15.05.18

Grand Visual offers insight into millennial friendly DOOH campaigns

Liverpool Media Wall MacDonalds
A recent campaign by Grand Visual for MacDonald’s

Ric Albert, creative director of Grand Visual, outlines a few ways to effectively target millennials with DOOH campaigns, outlining examples of recent projects that younger audiences have engaged with. He talks to Tim Kridel.

TK: Gens Y and Z grew up with always-on technology, such as mobile phones. Does that make them savvier and even sceptical about the privacy and security of their workplace technology? For example, I just did a story about how some conference rooms now have smart speakers such as Amazon Alexa so meeting participants can control the AV systems with their voice, or have meetings automatically transcribed. One concern is having these devices constantly listening. Compared to their older colleagues, do younger employees seem more or less concerned about workplace security and privacy?

RA: It’s not something we’ve come across in the workplace, but having grown up tethered to their mobiles, millennials do value their privacy, and whilst they consume great quantities of social media, research from OutSmart shows they are also much more likely than average to use ad-blockers.

Given that younger demographics also spend more time out of home, digital OOH media is particularly effective for reaching and engaging young people. It reaches people in a public space, it can’t be muted, skipped, or blocked and has the potential to creatively challenge and stimulate the viewer. It is also perceived as less intrusive than advertising targeting their private online worlds.

An interesting observation from OutSmart’s research showed that millennials, steeped in digital media like no other generation, are actually less cynical of traditional advertising formats. Trust in OOH (56%) is actually higher than trust in online video ads (46%) and paid online ads (48%). 

TK: How is digital signage evolving to ensure that it reaches younger demographics? For example, is there any research that shows differences in how older and younger demographics respond to DooH? If so, what kinds of challenges and opportunities does that create for the DooH ecosystem and the advertisers it serves? How must the technologies and strategies change?

RA: Younger audiences watch considerably less TV than the rest of the adult population and spend more time out and about, making DOOH an important channel for targeting this elusive and tech-savvy audience.

Aside from the obvious targeting opportunities that DOOH presents for reaching younger audiences, from campuses and retail locations, to leisure venues and nightlife hotspots, real engagement comes from a creative strategy that taps into their context, frame of mind and social behaviours. 

Born into an extremely digitally-driven, socially-networked society, and tethered to their smartphones 24/7, younger audiences like to curate their own content, as well as create and share their own stories.

Socially driven DOOH campaigns can really grab the attention of younger audiences, by amplifying social media campaigns or delivering shareable experiences that gain traction online through social sharing.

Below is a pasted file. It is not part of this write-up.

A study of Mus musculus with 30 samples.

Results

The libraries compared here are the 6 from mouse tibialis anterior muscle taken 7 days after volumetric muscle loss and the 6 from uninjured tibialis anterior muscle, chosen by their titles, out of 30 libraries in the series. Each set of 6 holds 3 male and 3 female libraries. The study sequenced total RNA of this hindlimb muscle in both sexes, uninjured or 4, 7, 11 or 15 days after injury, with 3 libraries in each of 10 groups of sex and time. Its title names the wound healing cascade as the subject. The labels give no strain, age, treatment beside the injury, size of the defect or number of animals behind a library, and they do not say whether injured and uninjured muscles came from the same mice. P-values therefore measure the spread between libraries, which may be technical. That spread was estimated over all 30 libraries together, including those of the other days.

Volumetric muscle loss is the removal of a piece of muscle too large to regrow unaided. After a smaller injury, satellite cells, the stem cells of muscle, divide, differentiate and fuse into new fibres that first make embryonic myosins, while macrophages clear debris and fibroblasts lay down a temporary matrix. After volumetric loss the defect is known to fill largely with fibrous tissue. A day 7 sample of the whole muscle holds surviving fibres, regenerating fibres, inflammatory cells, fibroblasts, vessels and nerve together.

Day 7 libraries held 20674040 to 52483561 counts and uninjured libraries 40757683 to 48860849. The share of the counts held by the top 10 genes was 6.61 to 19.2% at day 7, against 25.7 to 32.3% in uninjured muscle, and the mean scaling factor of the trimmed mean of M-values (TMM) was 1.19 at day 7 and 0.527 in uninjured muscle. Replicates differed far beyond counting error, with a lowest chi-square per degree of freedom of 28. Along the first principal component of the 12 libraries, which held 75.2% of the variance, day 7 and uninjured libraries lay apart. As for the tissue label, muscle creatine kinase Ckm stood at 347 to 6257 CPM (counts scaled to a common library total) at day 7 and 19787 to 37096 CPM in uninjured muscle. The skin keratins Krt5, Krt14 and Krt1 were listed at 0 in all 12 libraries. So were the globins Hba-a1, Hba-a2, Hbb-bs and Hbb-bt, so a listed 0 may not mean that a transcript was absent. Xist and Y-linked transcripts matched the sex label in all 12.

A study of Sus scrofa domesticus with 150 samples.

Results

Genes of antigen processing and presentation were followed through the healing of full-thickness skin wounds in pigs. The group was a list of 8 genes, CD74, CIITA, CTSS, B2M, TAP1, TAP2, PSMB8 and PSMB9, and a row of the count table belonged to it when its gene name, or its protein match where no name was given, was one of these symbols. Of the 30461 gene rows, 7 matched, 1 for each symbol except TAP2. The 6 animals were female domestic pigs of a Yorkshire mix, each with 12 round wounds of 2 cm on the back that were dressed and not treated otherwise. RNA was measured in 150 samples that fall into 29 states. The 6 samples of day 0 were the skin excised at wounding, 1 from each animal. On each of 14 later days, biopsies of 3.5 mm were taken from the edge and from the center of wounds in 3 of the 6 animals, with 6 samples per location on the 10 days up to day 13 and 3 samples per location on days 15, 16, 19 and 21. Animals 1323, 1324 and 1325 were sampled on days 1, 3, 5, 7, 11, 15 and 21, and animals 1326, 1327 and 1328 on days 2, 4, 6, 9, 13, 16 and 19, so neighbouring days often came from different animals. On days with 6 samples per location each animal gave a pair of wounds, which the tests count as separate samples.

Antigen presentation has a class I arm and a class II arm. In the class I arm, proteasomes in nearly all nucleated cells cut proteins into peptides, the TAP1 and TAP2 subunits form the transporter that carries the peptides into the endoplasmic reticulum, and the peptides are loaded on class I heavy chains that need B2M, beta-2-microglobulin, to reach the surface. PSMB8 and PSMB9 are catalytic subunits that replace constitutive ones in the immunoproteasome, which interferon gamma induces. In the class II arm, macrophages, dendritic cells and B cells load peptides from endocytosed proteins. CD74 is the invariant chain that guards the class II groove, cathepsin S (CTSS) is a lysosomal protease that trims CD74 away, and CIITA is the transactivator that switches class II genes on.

A recent Sky campaign for Game of Thrones delivered the best fan reactions shared via the hashtags #GoTS7, #GameofThrones and #WinterIsHere, in the form of tweets, images, and Boomerang videos, to digital billboards across the UK. The campaign delivered an authentic and entertaining UGC endorsement of Series 7, driven by its fanatical fan base.

Engaging stories allow consumers to change or personalise experiences in various ways. Innovative engagement techniques such as augmented reality, touch and gesture, video and Mmobile can really drive interaction amongst younger consumers creating greater brand recall and changing consumer behaviours. 

A unique AR activation created at Waterloo Station [in the UK] during school half term for Sky Q, surprised and delighted young people with a lifelike experience of meeting their favourite TV characters. The bespoke audio-visual tech build was combined with existing digital OOH hardware to produce the slick and memorable experience. Using Sky Q Voice Command participants selected their best-loved TV characters to appear on-screen beside them in an array of fun scenarios.

There was also the legendary Pepsi Max “Unbelievable” campaign which transformed a bus shelter on Oxford Street into a window that augmented unbelievable scenarios into the real world. Passers by were faced with a giant laser-shooting robot, a fiery asteroid hitting the street and more. The captured footage was turned into a social film which became a runaway success garnering over 10 million views and earning PR coverage around the world. Sales for Pepsi Max climbed 35% YoY for the month the creative was live. 

DOOH’s ability to connect with consumers while they’re on the move, through their mobile device, opens up a wealth of opportunities. DOOH is the perfect conduit for steering OOH audiences online. 

A recent Outperform study, commissioned by the out of home body, Outsmart, revealed that OOH activity drives a +17% uplift in smartphone brand actions. Crucially, this is massively higher for millennial audiences with +140% uplift. 

Mobile, social channels and video content are all huge for younger generations, and winning creative will mean embracing the technology to create smart, entertaining socially enabled, physical digital moments. Moments that are plugged into a brands broader cross-channel digital presence.